New library essential to bridging community’s past with its current and future needs


In Saint Paul, we know that libraries are about people. They are community gathering spaces, safe havens, and places where access, connection, and opportunity merge together. Whether you’re dancing at a storytime, accessing the internet and a quiet place to work or study, attending an author talk, or hosting a community meeting, you are likely headed to your neighborhood library to do so.
Libraries as public spaces continue to evolve, which means our library buildings must evolve, too. That is why we have asked Hamline Midway residents to reimagine their library – and why we’ve concluded that we must build a new library that honors the past while making space for the community’s current and future needs.
This has been a significant and, at times, emotional decision, and understandably so. The memories that have been shared in connection to the Hamline Midway Library are inspiring and proof that libraries truly hold a special place in our hearts and in our communities.
We have also heard from community members that the current lack of accessibility, space for different types of activities, and reflection of the racially and ethnically diverse cultures of today’s neighborhood mean that this library does not currently work for everyone in the way a modern library can and should. Together with the experienced team at LSE Architects, we took this feedback and did our best to balance the important history of the building with a library that truly works for all: a library that anyone can access with dignity and ease, that delivers on our commitment to sustainability, and that provides more space for people of all ages to learn, grow, and connect with each other.
There have been a lot of comments and questions about the decision to build a new library. I wanted to provide some information around project sustainability, the realities of a new building, and community engagement.

We’ve heard a lot about embedded carbon and how keeping the existing building would be more sustainable than rebuilding it. An existing building’s embedded carbon – the carbon it took to make, use, and transport the materials used in construction – is significant. When it comes to long-term sustainability, we are looking not just at the resources it takes to construct the actual building, but also the energy and resources that the building uses over time – which can be significant in a public building.
Constructing a new library is the only option that meets the city’s current ordinances and goals around sustainability and energy efficiency and brings us one step closer to meeting our citywide goals to reduce our carbon footprint and contribute to a sustainable future in the face of climate change. It enables our library to be more energy efficient through its design and construction, ultimately creating a smaller carbon footprint over the life of the building.

Rebuilding the library addresses all the existing mechanical, electrical, and plumbing issues with the current building, while also providing everything the community asked for – additional community spaces and radically-improved accessibility. A new single level library at street level ensures all library users enter with ease through the same pathway and same front door – no one needs to enter via a 94- foot ramp through rain, snow, or cold. A renovation would be more expensive than a new building and it would not address all of these things. Together, these realities helped us determine that a rebuild was the best choice for Hamline Midway Library. We are committed to honoring the important history of this library and plan to integrate it into the design of the new building.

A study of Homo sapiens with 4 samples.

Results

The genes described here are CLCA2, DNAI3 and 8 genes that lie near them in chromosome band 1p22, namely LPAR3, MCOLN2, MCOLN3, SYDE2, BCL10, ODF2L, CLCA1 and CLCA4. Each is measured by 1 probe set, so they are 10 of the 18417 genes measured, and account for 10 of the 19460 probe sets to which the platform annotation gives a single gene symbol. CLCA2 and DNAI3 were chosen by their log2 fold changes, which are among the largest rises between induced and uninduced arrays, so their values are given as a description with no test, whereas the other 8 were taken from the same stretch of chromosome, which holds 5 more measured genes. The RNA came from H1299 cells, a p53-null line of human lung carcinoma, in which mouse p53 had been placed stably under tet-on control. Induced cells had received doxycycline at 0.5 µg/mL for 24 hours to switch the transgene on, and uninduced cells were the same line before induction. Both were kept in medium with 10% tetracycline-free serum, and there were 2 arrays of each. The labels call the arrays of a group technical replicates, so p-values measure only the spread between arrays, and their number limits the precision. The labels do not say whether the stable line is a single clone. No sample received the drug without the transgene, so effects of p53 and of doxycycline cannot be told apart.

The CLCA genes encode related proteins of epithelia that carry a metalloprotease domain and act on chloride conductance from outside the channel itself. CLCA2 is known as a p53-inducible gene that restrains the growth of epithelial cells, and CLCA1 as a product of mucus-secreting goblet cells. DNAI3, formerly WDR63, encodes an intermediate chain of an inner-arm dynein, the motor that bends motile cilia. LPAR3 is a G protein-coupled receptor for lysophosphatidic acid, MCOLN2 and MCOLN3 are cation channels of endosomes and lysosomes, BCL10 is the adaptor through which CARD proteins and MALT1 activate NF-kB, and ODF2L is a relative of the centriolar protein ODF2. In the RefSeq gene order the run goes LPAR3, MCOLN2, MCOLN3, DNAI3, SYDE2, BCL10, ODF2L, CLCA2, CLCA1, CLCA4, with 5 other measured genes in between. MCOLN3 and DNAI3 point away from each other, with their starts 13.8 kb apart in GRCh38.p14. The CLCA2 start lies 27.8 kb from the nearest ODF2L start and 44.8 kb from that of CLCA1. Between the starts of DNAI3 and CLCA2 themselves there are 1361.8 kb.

Our goal is to take an approach to community engagement that centers equity. This means going to where people are, and hearing from those who currently use the library and those for whom the current library isn’t working. It also means intentionally reaching out to those who have been historically excluded from public processes, including Black, Indigenous, and People of Color (BIPOC) residents, youth, and trans/non-binary community members.
We’ve hosted teen focus groups led by the Youth Leadership Initiative; held open houses; engaged residents through artist-led creative encounters; led multiple surveys and pop-up events in places like rec centers and grocery stores; and engaged neighborhood project ambassadors to spread the word about the project and ways to get involved, along with providing the project team with feedback.
We worked hard to hear from many voices in the community while weaving in the nuance of historical exclusion, barriers to engagement, and cultural considerations all while balancing it with the fiscal, structural, and environmental realities that the experts at LSE Architects have guided us through. These considerations led to the decision to pursue a new building that is safe, inviting, affirming, and comfortable for people of all cultures, abilities, and communities. This direction is supported by Mayor Carter, council member Mitra Jalali and the majority of Saint Paul city council members, and many neighbors.
This has been a community effort. Thank you to everyone who has voiced their thoughts, shared their desires and dreams, and participated in this process. When the final design is presented this fall, we hope you see yourself, your neighbors, and our collective future reflected in the new Hamline Midway Library.
Catherine Penkert is the director of Saint Paul Public Library.